It's a big room, that library, bigger than any workshop room in the Dey House. Eleven students were seated at the table, and various hangers-on, such as SER, TLB, myself, and Catherine Knepper appeared and took seats straight off one short end of the table. The chairs were thoughtfully arranged in rows so that we had a full view of Bausch at the far end. Kind of like watching a movie of a workshop. Ethan, Marilynne, Jim M., Jim G., Connie were also in attendance. Ethan took an empty seat at the workshop table, and as the thing proceeded, I started imagining that I was watching Ethan taking a Bausch workshop.
He came in the room last and took his seat with ease, smiling, an ornery elf in a black leather jacket. White hair combed down either side, white beard with a bit of scraggle to it, tinted lenses. His voice is low in register with a faint Southern drawl, which added to the disarming charm he began to display. Chris Merrill stood and introduced him as "Dick Bausch." After preliminaries about how he conducts his workshop (writer must remain silent), he told about the first story he turned in, for E.L. Doctorow's workshop, when he was a student here, called "Where Is John Wayne?" It didn't go well. Students thought it was "arbitrary," and he went home thinking he'd moved his family here for a big mistake. "Ever notice how when something good happens, you get published, or someone likes your work, you figure it's a fluke? And when something bad happens, well, that's the way it is, it is all bad." He said to ignore these extremes and only think about the work.
He began the first workshop by inviting comments on the story. One youngster started off about how much he liked it, trailed off, then apologized. "Don't apologize for liking something," said Bausch. "But it's an uninteresting writer who sparks no argument. Others?" The students began grinding out the you-know-what, and it proceeded like most workshops. It was undirected, but Bausch had things he wanted to say. When someone touched on them, he'd come in with advice. Without knowing the stories, it's hard to say how good the advice was, but it sounded good. He suggested the writer rework it in 3rd person. "First person is far more complex than all the others. There's an extra somebody in the story. Who's story? The narrator's? How reliable is that person? Then you get into dramatical irony. You can get across something in two or three sentences in third person that might take pages in first."
Here, TLB scribbled a note to me: "He's Frank."
"Drama is trouble in context," he was saying. "People knock Ray Carver for being spare, but if you pack it in like he did, you get really fulsome exposition. It's all a magic show." He began quoting from stories from memory -- Carver, Fitzgerald, Welty, Lardner -- and brought it all back to his point about third person. When they were done, the author of the story said, "That's a great idea, actually." Again, who knows, but he clearly had the room with him.
And so it went, for the next two. Let me just type out some random quotes I jotted down from him:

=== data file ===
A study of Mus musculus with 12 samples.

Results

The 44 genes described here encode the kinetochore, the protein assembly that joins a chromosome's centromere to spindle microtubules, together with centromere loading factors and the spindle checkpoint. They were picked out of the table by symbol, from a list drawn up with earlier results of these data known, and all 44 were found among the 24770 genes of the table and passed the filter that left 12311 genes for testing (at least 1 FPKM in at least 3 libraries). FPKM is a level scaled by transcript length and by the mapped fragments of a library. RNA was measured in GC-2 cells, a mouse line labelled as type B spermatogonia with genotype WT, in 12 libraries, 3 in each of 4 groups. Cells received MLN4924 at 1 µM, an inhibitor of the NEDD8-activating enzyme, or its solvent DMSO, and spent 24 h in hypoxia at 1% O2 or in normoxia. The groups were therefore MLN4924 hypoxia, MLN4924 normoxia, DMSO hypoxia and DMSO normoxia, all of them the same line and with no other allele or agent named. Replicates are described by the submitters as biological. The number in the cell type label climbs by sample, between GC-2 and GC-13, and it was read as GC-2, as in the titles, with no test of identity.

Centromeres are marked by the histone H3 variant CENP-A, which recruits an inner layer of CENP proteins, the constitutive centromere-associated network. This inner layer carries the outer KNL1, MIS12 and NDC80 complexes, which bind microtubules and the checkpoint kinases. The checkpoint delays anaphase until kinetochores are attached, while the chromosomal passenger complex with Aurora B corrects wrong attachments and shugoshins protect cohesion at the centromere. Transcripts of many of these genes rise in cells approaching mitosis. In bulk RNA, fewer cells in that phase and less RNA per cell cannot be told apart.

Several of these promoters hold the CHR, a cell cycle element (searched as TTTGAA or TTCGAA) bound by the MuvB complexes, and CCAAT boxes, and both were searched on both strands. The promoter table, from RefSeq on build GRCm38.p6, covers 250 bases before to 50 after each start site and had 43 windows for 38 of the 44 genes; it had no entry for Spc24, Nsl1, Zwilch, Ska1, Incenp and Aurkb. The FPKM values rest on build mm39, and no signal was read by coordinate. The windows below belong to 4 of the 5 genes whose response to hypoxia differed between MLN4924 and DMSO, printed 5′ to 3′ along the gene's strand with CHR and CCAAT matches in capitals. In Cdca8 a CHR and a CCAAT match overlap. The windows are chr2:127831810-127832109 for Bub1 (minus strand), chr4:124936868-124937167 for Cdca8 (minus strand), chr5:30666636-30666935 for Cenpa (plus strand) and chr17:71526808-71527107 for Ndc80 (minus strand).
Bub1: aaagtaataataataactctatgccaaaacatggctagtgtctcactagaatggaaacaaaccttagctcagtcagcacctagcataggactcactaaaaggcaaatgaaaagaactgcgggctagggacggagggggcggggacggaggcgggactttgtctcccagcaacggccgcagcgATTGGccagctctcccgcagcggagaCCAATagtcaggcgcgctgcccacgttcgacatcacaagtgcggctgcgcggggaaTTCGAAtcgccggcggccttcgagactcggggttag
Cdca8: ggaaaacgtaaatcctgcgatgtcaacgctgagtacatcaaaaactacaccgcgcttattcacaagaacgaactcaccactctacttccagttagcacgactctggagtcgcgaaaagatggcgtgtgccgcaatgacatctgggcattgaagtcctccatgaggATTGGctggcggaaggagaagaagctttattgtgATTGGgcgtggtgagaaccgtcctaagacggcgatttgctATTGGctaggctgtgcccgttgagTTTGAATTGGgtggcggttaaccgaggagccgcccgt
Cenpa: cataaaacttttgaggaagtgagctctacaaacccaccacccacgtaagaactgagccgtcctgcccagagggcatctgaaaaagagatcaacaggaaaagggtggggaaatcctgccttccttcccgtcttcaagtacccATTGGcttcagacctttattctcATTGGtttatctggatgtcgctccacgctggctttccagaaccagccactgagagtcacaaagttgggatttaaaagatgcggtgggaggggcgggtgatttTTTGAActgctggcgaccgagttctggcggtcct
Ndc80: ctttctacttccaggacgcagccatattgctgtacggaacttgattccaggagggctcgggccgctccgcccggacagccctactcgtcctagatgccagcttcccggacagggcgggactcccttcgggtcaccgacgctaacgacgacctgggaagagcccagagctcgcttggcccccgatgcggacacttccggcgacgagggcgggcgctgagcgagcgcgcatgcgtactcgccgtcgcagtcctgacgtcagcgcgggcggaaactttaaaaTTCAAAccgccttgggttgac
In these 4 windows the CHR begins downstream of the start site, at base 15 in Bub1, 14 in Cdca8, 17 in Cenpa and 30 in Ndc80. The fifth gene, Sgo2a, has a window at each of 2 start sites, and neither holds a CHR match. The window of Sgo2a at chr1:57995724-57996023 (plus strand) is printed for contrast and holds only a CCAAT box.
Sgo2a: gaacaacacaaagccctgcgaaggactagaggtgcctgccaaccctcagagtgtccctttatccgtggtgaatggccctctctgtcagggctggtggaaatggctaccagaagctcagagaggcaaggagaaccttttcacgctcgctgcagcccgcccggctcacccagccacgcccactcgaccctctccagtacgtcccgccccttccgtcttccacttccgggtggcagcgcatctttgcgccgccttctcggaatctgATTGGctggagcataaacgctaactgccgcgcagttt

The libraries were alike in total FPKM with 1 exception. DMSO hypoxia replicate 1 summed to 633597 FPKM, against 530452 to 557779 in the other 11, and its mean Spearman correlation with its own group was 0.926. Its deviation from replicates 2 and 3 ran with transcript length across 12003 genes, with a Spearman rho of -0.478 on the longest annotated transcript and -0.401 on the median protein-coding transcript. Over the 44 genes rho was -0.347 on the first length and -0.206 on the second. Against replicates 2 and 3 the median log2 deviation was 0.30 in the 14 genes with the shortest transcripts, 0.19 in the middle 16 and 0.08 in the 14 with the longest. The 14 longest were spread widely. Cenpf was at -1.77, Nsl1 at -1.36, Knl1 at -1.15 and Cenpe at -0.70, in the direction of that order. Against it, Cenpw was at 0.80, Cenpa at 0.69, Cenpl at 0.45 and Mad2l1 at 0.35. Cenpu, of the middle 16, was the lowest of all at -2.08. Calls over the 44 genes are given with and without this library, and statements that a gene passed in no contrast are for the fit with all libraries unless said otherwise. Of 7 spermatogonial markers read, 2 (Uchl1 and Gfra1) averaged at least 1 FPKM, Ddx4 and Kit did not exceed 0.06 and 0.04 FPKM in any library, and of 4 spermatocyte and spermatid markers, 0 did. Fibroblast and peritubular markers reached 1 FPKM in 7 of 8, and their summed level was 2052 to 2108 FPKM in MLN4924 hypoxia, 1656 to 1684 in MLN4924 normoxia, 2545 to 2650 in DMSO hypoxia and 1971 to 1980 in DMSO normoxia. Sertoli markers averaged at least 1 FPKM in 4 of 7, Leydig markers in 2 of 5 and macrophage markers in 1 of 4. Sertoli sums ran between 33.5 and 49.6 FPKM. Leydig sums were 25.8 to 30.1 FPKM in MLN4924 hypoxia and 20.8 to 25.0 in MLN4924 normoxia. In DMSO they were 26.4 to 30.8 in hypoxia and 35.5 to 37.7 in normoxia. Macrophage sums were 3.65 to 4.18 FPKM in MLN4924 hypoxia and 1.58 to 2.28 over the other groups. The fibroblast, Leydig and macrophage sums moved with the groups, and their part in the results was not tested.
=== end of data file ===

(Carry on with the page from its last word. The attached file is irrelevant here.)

"What is the loudest note in the story? That's what the story's about."
"If you're having trouble with a certain part, it's probably the crux. Try bringing it up front and putting it out there for the reader."
"You're leading the reader through a museum. And they want to be there. Don't mess with them. Be honest."
"A story is an organic thing, always changing. You want the changes to be surprising. Trust it. Keep going through it. If you're in confusion, well, confusion's the name of the game. Just means it's not ripe yet. Keep going through it."
"There are two rules: You have to use words. You have to be interesting."
"You know how you read [someone] and think, this is it! Then you read [someone else] and think, boy this is it! Well, what is it? It's art. I hear people say writing is an indulgence. It's not an indulgence. You give up indulgences to do it. Think about this day's work. Ask yourself, did I work today? If the answer's yes, boy, you know how you feel like you can do anything then?"
"I don't teach writing. I teach patience. It's supposed to be hard, but every book happens this way, little by little. Confusion and doubt dog everybody, nobody's sure what the next sentence will be. But you've got to trust it."
He literally peppered his rambles with quotes and adages and chestnuts -- I'll bet he knows everything anyone ever said about writing. But I was impressed not so much by what he said about writing -- because really, who actually knows a fucking thing about writing anyway? -- but by his calming, wise presence in the room. There was an honest-to-God twinkle in his eye, and a slight knowing curve to his lips, and he easily achieved the respect of everyone there, it seemed. Not once was there anything uncomfortable or unclear or anything you'd crook an eyebrow at to a friend across the table. TLB may have put it best when she said, "He seems approachable." And you definitely want that in a director (remember he readily agreed to an interview right afterwards and suggested quadrupling its length). Was Frank approachable? Ha! He still isn't (bless him). Bausch simply won everyone over, it seemed to me. He was very encouraging to the students. Just my opinion, but my bottom lines are: 1) I'd hand over the workshop to him in a second, and 2) I left the room feeling excited about writing. I'm interested in what others thought.
Potential concern: the workshops were fairly short, maybe 20-30 minutes each. Could be due to the circus nature of the gala atmosphere, and the fact that this week those 11 students had to workshop 6 stories each. And not every student spoke. Dunno if that's the way he normally does it. It was unstructured in such a way that you could get away with not having even read it, I suppose, because at least 5 of them never said anything. I kind of like when everybody has to say something.